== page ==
Director David Fincher began work on adapting Steig Larsson's best-selling The Girl With the Dragon Tattoo even while he was wrapping up production -- and awards-season duties -- on The Social Network. The finished film opened on Nov. 28, just two years after producer Scott Rudin first secured the deal.
Pictured, Rooney Mara as Lisbeth Salander, the film's mysterious female investigator. Mara's casting was the main object ot media attention on Fincher's version.
Rooney Mara as Lisbeth Salander
Rooney Mara garnered much attention for her brief role as Mark Zuckerberg's female foil in the opening scene of The Social Network, a role very different from Dragon Tattoo's Lisbeth, and she had to endure a series of screen tests to nab the part, including shooting a scene riding a Los Angeles subway, to covince Sony execs.
Says director David Fincher of Mara's audition process: "We did it a number of times, and about a month or five weeks into it, I realized, wow, she's been able to do every single thing we've asked of her."
Daniel Craig plays Mikael Blomkvist, a disgraced journalist hired to investigate the disappearance of a young woman among the industrialist elite of Sweden. The deal for Craig's role took some time to work out to accomodate his shooting commitments on Cowboys & Aliens and the next James Bond film, Skyfall.
Christopher Plummer & Daniel Craig
British actor Christopher Plummer (left) plays Henrik Vanger, the wealthy Swedish industrialist who hires Mikael Blomkvist (Daniel Craig) to investigate the disappearance of a young woman on the sprawling Vanger estate four decades before.
Rooney Mara & Daniel Craig
Screenwriter Steven Zaillian was already working on the screenplay adaption when director David Fincher came onboard, and Fincher didn't want to dictate what he would cut from Steig Larsson's sprawling novel to fit it into a manageable length. But he did discuss a central point of view for the film, telling Zaillian: "I see this as about a guy and a girl." When Zaillian agreed, Fincher says he knew they were heading in the same direction.
Five days after accepting the part, Rooney Mara was on a plane to Stockholm to begin an intense training program of martial arts, skateboarding, motorcycle riding and work with a dialect coach. Along with costume designer Trish Summerville, she also refined Lisbeth's look, submitting to a severe haircut, undergoing (real) piercings and sitting for (fake) tattoos.
Says Mara: "David (Fincher) made it his mission to keep me in a very safe bubble while making the film where I didn't have to think of anything but the character."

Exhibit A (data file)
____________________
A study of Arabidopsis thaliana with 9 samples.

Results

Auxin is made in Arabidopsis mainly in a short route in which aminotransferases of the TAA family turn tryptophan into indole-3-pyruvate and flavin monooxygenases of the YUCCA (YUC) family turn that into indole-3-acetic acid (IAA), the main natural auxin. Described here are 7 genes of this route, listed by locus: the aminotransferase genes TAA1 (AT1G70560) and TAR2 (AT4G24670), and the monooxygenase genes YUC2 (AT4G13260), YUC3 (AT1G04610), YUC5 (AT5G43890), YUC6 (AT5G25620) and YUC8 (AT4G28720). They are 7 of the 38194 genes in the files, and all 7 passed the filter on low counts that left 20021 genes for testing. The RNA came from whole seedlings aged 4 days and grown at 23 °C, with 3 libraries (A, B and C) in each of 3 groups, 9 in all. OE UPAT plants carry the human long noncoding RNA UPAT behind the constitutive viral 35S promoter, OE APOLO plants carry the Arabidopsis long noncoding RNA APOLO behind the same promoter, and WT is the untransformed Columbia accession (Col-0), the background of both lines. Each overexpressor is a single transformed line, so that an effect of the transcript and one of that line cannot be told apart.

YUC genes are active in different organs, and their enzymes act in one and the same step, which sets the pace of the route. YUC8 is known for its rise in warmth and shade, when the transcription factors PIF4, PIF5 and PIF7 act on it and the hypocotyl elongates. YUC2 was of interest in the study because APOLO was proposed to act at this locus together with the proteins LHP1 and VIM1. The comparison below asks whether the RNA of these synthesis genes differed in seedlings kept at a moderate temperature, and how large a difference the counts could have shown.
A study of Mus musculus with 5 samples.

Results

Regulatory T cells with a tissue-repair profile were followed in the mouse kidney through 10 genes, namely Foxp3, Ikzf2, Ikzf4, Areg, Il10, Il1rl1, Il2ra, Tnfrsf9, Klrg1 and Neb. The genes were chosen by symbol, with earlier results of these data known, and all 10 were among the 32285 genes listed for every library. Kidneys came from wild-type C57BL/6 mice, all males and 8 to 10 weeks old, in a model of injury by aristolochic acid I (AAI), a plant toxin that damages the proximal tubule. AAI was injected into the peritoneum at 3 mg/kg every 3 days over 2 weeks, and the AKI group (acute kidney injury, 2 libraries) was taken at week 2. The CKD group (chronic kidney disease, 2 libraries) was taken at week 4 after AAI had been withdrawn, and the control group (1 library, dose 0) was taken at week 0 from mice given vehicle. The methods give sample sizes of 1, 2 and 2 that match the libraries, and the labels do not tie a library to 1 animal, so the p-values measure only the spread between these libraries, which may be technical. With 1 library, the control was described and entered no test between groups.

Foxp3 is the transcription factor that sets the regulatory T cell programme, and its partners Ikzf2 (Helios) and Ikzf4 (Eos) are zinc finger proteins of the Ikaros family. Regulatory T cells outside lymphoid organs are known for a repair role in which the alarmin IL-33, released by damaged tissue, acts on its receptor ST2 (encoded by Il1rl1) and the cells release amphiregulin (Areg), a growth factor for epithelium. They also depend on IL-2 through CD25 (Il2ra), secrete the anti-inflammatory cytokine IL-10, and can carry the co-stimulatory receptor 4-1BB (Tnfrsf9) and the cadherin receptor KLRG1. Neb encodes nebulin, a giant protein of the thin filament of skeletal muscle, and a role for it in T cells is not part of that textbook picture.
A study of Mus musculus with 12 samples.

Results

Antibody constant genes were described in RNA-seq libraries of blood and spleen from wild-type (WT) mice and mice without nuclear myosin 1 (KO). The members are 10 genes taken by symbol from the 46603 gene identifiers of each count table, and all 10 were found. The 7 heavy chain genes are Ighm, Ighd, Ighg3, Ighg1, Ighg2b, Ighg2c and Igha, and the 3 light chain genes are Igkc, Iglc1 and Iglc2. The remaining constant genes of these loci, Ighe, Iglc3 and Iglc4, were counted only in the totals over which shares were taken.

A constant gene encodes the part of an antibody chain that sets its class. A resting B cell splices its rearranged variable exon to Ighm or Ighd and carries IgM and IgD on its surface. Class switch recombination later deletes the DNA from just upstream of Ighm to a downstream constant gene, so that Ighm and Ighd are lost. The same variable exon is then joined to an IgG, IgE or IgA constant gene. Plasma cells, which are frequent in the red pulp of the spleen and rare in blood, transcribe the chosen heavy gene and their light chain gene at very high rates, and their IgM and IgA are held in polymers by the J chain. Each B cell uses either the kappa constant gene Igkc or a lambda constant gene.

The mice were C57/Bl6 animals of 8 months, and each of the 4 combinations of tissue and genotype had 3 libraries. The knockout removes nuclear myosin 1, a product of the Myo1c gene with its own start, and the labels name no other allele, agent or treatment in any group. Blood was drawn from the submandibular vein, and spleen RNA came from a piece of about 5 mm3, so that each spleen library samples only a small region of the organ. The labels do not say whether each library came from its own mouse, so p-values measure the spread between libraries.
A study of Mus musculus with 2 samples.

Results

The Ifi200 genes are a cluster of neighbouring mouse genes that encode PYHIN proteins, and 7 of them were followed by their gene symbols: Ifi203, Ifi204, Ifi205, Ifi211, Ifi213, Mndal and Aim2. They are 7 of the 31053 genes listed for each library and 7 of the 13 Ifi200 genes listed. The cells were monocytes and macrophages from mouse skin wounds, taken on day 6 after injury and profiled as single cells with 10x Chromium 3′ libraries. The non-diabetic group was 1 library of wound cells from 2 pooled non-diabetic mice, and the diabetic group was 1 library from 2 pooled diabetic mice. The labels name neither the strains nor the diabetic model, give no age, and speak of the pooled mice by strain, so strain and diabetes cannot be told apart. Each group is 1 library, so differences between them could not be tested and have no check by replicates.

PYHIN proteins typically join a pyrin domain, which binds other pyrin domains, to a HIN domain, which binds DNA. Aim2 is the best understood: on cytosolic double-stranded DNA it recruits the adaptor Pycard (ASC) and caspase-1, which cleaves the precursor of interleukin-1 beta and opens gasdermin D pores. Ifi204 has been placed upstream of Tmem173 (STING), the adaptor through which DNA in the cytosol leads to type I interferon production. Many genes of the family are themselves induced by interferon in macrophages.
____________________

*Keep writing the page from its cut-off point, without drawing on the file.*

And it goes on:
Rooney Mara as Lisbeth Salander
When director David Fincher offered Rooney Mara the part of Lisbeth Salander, he warned her it could be life-altering, identifying the young actress with an extreme character who might be hard to escape. But Mara, 26, had no second thoughts.
Says Mara: "After reading all three books, I saw her very clearly and understood most things about her personality and could relate to a lot of things about her. It was my job to bring her to life."
Walking in a Winter Wonderland
Says cinematographer Jeff Cronenweth (Fight Club, The Social Network): "David wanted to pay homage to Swedish filmmaking -- Bergman, Sven Nykvist's photography. ... Sven's style was all based on the actual available light that was in Sweden, so it was really interesting to finally get there, to see how low the light levels were, how low the sun was for such a big part of winter."
On the Set
Even before screenwriter Steven Zailiian's first draft was completed, director David Fincher and producing partner Cean Chaffin made a trip to Sweden to begin scouting locations, using the book as their guide. One major factor that had to be accomodated was Sweden's wintertime weather.
Says Chaffin: "I knew weather and daylight and darkness had to factor into the schedule in a big way. It was surprisingly complicated."
She's Got the Look
Director David Fincher (left) tapped costume designer Trish Summerville to create 50 warddrobe changes for the Lisbeth Salander character, knowing her clothes had to serve as armor, fashion -- and anti-fashion. Actress Rooney Mara took an active role in choosing many of the costumes.
Says Summerville: "As we went along, she grew close to certain pieces and put a lot of thought into where she'd want to wear them."